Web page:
View Full Version : Tested the 2013 Ford Focus Electric at Barrett-Jackson

09-25-2012, 05:16 PM
While I always enjoy going to Barrett-Jackson to watch the auction and check out the muscle cars the OEM exhibits have also attracted my interest. Both Ford and GM have great exhibits at Barrett-Jackson and one of the vehicles I got to test was a 2013 Ford Focus Electric.

If you'll notice my verbiage, I said "test" and not "drive" because Ford wasn't allowing anyone but their drivers to drive the 2013 Ford Focus Electric - I'm not sure why? It wasn't a problem for me, I just wanted to compare it to my experience last year in a Chevrolet Volt.

Overall, I was impressed. The Focus Electric looks just like every other Focus and it's remarkably quiet when driving. The vehicle I tested had a full charge and showed an available range of 70+ miles.

Here's a great article from the USA Today that provides more information - click here (http://www.usatoday.com/money/autos/reviews/healey/story/2012-09-08/ford-focus-electric-james-r-healey/57648230/1)

09-25-2012, 05:29 PM
I took a picture of the engine compartment of the 2013 Ford Focus Electric mostly because I was surprised to see the 12 volt battery was still there. It's not like the car needs the battery to power the starter.... :rolleyes:

I'm guessing it was cheaper/easier for Ford to keep the 12 volt battery in place so they didn't have to make a lot of changes to the wiring harness for the electric vehicles.

Here's the picture:


09-25-2012, 05:37 PM
I try to keep an open-mind and I can see a day where electric vehicles may become an attractive alternative to gasoline powered vehicles. I'd certainly like to see our country reduce or eliminate our reliance on foreign oil.

That said, if there's a deal-killer with the Ford Focus Electric I think it's got to be the price - the MSRP is $39,200. Sure, some people will qualify for a $7,500 Federal Tax Incentive and all owners will benefit from the lower cost of ownership, but the $20K difference in price would buy a lot of gas.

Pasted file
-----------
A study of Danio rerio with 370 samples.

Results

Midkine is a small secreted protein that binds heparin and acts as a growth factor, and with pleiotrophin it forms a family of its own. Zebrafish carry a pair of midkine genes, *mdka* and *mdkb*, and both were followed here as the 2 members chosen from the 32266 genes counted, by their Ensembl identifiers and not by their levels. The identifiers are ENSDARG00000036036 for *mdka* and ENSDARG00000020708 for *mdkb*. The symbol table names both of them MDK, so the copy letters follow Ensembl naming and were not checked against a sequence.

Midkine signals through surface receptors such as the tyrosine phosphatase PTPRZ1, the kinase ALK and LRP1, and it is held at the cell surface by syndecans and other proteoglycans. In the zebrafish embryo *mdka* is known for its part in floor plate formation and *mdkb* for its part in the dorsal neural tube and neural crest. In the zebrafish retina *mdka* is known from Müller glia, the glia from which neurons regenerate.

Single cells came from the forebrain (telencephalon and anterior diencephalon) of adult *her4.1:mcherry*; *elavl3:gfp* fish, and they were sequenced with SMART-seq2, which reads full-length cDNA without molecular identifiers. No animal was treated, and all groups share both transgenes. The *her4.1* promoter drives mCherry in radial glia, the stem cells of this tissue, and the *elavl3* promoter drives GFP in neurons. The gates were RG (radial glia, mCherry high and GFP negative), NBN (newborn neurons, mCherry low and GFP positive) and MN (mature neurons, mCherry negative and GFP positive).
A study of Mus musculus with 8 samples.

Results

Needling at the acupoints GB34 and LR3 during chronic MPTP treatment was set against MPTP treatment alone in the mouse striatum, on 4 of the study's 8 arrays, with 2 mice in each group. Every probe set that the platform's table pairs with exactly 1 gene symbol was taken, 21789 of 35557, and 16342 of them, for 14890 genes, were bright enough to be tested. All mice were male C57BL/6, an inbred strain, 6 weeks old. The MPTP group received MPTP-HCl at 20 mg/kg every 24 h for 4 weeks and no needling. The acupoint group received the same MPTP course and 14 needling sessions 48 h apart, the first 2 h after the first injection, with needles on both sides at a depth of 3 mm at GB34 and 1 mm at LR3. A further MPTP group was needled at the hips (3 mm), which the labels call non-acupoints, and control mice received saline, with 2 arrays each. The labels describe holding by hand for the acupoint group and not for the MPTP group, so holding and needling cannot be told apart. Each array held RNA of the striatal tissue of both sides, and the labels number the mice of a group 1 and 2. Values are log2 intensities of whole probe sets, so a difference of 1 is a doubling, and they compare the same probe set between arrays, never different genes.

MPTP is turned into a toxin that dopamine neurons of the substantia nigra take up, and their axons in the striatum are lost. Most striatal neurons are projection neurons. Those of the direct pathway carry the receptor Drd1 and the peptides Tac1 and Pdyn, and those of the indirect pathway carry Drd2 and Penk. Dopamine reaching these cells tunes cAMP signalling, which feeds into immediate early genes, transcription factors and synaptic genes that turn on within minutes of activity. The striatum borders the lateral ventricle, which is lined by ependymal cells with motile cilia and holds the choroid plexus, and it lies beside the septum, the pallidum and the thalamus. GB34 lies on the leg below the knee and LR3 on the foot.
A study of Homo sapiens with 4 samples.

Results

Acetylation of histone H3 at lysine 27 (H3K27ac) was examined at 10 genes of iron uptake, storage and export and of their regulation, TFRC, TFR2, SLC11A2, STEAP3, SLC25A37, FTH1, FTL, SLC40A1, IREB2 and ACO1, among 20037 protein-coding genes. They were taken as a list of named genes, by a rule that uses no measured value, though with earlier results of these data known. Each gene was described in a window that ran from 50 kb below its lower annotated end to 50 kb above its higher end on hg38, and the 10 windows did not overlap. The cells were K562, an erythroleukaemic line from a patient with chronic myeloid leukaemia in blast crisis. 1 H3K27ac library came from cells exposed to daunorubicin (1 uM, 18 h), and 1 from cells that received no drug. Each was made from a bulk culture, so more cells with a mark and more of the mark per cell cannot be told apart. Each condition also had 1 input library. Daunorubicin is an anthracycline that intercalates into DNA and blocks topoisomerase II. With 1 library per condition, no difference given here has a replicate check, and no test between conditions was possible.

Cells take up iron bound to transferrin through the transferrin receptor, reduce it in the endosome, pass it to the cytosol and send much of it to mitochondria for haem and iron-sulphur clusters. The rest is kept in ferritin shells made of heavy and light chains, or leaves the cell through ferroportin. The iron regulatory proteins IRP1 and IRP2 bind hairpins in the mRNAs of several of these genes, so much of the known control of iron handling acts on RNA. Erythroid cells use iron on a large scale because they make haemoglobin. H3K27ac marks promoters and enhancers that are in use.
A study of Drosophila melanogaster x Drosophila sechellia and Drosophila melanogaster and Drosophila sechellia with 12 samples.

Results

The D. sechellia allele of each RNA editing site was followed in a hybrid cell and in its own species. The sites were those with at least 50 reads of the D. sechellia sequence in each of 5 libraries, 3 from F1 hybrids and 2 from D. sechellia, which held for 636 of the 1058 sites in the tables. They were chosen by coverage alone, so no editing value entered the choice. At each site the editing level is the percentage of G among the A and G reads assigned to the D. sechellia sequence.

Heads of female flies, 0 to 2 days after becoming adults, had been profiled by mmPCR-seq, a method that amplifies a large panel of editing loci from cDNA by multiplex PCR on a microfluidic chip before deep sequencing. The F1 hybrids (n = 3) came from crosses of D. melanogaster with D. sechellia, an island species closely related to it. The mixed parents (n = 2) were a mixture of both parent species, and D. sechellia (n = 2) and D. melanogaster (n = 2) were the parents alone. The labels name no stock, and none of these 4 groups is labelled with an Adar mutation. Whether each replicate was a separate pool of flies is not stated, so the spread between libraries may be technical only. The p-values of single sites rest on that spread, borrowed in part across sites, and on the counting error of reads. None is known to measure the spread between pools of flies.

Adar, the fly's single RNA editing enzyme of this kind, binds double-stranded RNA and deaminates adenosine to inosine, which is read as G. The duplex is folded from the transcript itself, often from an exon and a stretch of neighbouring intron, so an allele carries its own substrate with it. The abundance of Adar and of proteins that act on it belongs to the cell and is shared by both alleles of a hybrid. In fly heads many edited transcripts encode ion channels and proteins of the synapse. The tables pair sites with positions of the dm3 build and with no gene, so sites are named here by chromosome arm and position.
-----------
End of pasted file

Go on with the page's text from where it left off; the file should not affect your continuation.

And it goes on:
The other deal killer - the range before the vehicle needs to be recharged.

Hopefully technology will continue to evolve and vehicles like the Ford Focus Electric will become a better alternative to their gasoline counterpart.


01-21-2013, 06:29 PM
I was really interested in this vehicle when it first came out. I still may look into one in the future, but for now, the high price and non availability in the St. Louis market has it off my list. I like the looks and I like the idea of not having to get fuel at gas stations anymore. Since I only travel ~15 miles round trip to and from work, I could use this as my daily driver and go 3 or 4 days without recharging. I could come home, plug it in (like a cell phone) and watch tv while it charges. If I need to go on longer trips, I would just take one of my other cars. I see this as the perfect daily driver for me if (when) the price comes down to reasonable levels and the car becomes available in my part of the country.

01-22-2013, 02:10 PM
I still think electric cars are what we'll all be driving in the distant (10+ years) future but there's no question they've gotten off to a rocky start in the U.S.

I watched a really interesting segment on CNET where they ranked the Top 5 Electric Cars. Here's a link to the video on YouTube - click here (http://www.youtube.com/watch?v=bYwHlQLSJaQ&list=PLAl4aZK3mRv2UHyerho_GqW-8miu9JgBk&index=5). They made the comment that the Smart Car is a better electric car then it is as a gasoline car - I wonder if the same will hold true for the electric version of the Fiat 500?

The top car in the CNET list was the Tesla Model S and I was surprised to see that it was actually a car that could be used as a primary vehicle for most people. The "deal breaker" is the price of almost $60K but I'm sure as technology improves the prices will fall.

I wonder how the cost of ownership of a $60K Tesla Model S compares to a similar sized gasoline powered sedan that would sell for $30K? At some point the lower cost of electric power will offset the higher acquisition price.